The spot is about the green chair. It is a spot that explicitly ties public opinion research to the TD brand and to a marketing pitch that builds on the finding. In this case, 79% of Canadians are not comfortable that they can reach their financial goals. This finding gets turned into a rethink of what the TD green chair is all about and about TD listening and helping those in the 79%. They are, in fact, invited to come sit in the chair.
While the research that generated the 79% is not discussed much and does not appear to be in the public domain, the spot does something that many uses of public opinion research fail to do when used by corporations. Public opinion data here is part of a narrative that connects with people (the idea of being uncertain about financial matters) in a manner consistent with the brand and it is executed in a compelling manner.
Note that no specific product is offered. Public opinion is not presented as an excuse for a product discussion but rather a single proof point that speaks to the broader brand narrative TD wants to establish. Naturally other financial institutions could use the same data to support a brand position since the data is not about TD per se.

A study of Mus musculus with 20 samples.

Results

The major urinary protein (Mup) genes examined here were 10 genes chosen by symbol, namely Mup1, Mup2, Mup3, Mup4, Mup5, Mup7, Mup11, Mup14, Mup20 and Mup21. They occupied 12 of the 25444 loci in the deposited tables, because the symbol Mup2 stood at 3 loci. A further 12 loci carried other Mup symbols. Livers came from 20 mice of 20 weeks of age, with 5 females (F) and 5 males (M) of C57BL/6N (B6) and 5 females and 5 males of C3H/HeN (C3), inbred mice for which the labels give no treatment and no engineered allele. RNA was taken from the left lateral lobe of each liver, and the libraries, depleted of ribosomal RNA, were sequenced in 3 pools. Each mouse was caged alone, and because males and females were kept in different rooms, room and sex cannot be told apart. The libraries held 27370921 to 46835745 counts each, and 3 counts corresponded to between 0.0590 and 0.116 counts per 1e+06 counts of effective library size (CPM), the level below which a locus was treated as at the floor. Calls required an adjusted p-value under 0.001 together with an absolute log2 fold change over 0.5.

The other thing the spot uses the public opinion for is to show potential customers that they are not alone. It validates their own uncertainty and is presumably designed to encourage people to overcome their reticence to start a financial goal conversation.
The spot is not about public opinion but it provides a good lesson for how one can effectively use research findings to support organizational goals.